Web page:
The Rich History of Thessaloniki
Due to its many different rulers and unique eras, Thessaloniki has one of the richest and most diverse histories of any Greek city. Thessaloniki was founded in 315 BC by the Greek king, Cassander of Macedon. The city developed extremely rapidly, and by the 2nd century BC there was already a fully functioning city wall surrounding Thessaloniki. However the Greek rule was short-lived, and in 168 BC Thessaloniki became a city under Roman rule.
The Roman Republic turned Thessaloniki into an extremely important trade-hub which connected Byzantium to Dyrrhachium. Not only did this magnificent trade line open up connections between Europe and Asia, but it also gave the city many of the open markets and forums you can still visit today. Again, the Roman rule was not meant to last, and after repeated barbarian invasions and a catastrophic earthquake in 620, the city gradually rebuilt itself under Byzantine power.
During the Byzantine rule, Thessaloniki became the largest Jewish city in the world for 200 years. It was known as the “Mother of Israel”. Today you can still see the strong Jewish influences throughout the Jewish quarter and in some culinary techniques. In 1423, after the Ottoman Empire’s strong advance, the Byzantine Empire handed over the city to the Republic of Venice. However, this small force could only hold Thessaloniki for 7 years before the Ottoman Empire captured it in 1430.
In 1912, the Greeks finally won back their magnificent city during the First Balkan War. Thessaloniki is now the prime port for both the northern Greek regions and the whole of Southeastern Europe.
Upper Town of Thessaloniki is where you will find the oldest buildings and of course the remains of the ancient walls that surrounded the city, gradually reconstructed over the years, the walls date back to the Hellenistic Era of Thessaloniki. The walk up is a little challenging, but worth it to see the transformation of the city the further you get up, and the remains of Byzantine and Early Roman Era views. The views are magnificent from the walls, and you can stop at the top and grab a drink at one of the cafes and bars dotted along the hillside to witness the phenomenal views over the harbour.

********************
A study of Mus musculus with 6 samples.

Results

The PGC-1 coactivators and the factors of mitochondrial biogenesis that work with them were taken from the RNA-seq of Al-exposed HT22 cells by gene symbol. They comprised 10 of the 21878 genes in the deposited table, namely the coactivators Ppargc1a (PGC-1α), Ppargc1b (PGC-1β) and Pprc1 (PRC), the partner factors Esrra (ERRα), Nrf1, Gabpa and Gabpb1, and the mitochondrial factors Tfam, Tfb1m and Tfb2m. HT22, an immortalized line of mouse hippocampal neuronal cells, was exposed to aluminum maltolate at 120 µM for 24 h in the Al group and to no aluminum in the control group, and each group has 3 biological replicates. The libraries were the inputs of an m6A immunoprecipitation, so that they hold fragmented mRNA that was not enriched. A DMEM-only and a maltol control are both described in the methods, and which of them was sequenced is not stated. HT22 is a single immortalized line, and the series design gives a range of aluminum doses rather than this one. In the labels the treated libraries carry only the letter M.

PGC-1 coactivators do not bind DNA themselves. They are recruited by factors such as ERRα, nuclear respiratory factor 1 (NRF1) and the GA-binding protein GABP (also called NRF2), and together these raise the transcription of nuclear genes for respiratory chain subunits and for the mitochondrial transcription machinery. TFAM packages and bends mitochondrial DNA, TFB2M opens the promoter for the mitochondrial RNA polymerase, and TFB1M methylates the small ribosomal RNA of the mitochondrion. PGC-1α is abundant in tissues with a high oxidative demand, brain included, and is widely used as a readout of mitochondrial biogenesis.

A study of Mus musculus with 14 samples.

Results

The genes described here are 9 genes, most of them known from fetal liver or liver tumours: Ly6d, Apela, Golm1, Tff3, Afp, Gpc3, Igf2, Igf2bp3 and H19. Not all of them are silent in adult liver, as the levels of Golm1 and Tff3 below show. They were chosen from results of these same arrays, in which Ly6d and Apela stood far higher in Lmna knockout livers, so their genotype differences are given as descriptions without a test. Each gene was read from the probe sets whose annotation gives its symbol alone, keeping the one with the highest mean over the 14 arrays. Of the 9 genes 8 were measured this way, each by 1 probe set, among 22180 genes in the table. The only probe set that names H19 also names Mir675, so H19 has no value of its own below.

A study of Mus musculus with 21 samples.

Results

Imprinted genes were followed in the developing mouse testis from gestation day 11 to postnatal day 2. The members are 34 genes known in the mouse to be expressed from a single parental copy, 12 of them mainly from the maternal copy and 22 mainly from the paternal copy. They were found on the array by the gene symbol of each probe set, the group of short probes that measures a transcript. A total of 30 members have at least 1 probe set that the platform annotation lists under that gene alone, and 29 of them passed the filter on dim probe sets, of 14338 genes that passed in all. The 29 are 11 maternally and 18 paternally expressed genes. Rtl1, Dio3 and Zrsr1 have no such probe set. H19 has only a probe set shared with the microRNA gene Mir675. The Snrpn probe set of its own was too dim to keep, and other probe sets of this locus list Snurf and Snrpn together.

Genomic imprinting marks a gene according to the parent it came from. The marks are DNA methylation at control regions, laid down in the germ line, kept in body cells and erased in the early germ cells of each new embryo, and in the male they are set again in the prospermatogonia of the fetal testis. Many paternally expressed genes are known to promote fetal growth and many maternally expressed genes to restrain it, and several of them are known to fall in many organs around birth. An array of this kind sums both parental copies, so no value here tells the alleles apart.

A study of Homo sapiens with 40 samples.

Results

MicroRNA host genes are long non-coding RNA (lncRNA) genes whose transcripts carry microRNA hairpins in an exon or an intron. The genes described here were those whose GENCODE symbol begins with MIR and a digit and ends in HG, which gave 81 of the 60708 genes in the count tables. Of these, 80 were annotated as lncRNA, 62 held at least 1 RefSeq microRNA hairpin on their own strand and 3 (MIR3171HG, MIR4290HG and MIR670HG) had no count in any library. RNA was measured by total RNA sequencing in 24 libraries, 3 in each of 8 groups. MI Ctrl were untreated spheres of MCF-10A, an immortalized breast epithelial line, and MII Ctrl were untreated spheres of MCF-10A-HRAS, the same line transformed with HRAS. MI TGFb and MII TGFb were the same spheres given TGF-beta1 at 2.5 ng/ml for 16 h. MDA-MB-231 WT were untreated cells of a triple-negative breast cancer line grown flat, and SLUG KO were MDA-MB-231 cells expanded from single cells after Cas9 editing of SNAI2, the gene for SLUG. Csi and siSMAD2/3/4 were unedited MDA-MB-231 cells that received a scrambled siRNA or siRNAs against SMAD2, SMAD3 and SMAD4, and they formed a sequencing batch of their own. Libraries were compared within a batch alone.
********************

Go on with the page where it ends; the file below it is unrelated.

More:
Heading north from the Arch of Galerius, you will find the Rotunda. This impressive building is 30m high with walls 6.3m thick. The closest structural design is that of the Pantheon in Rome. The Rotunda is thought to have been built as a place for cult worship, as the people of Thessaloniki moved from Christian to Pagan.
As you walk towards the centre of Thessaloniki, you will discover a new era of its fascinating history. The beautiful Agia Sophia Temple is the oldest Byzantine church in Thessaloniki and is one of the buildings UNESCO marked as a World Heritage Site. From the outside, you can admire the beautiful domed structure, and inside marvel at the intricate paintings dating back to the 11th century AD.
Just south of the impressive temple of Agia Sophia, you will find an abandoned monastery around 5m below street level. Follow the entrance of the monastery and you will find yourself underneath the great city of Thessaloniki, in the catacombs of Agios Ioannis. Not only were these catacombs built to honour St. John the Baptist, but they were also used as a safe place for Christians to worship during the Roman rule.
A short walk from the catacombs will lead you down towards the port where you can find the impressive Hagios Demetrios. This gigantic church was built in honour of St Demetrios, the patron saint on Thessaloniki. This UNESCO World Heritage Site was built during the Byzantine era and replaced a historic Roman bath. Inside, the church has an impressive shrine covered in silver and six stunning mosaic panels that date back to 730.
Just 2 minutes from the Hagios Demetrios, you will find the Roman Forum. This historical site was dug up by accident in the 1960s and has since become somewhat of a historic tourist attraction in Thessaloniki. The archaeological site features two Roman baths and a small theatre which would have been used for gladiatorial games.
The final stop on your walking tour will take you down to the shoreline, to the White Tower of Thessaloniki. This impressive monument and museum were constructed during the Ottoman rule in 1430, to replace an old Byzantine fortification. However, this white exterior was created by the Greeks when they took control of Thessaloniki in 1912. The White Tower has since become a strong symbol of the city and its powerful history.
This museum is a treat for all those with an interest in the city and its rich history. The region surrounding Thessaloniki has uncovered some of the most valuable pieces of archaeology known today. Here you’ll be able to see first-hand the remains of the Roman temple and pieces from the sanctuary of Isis and Sarapis discovered under the modern city of Thessaloniki, as well as pieces uncovered from the Roman Forum. You’ll also be able to see the famous Derveni Papyrus here. Well worth putting aside the afternoon to visit here.
Just over from the Archaeological Museum of Thessaloniki you will find the Byzantine Museum housing an extraordinary chronological collection documenting the years of Byzantine culture in Thessaloniki and Greece. The museum contains 11 galleries with exquisite displays. This museum will easily become one of your favourite parts of the city. There are many opportunities to purchase combined tickets to the museums and the White Tower for a discounted price!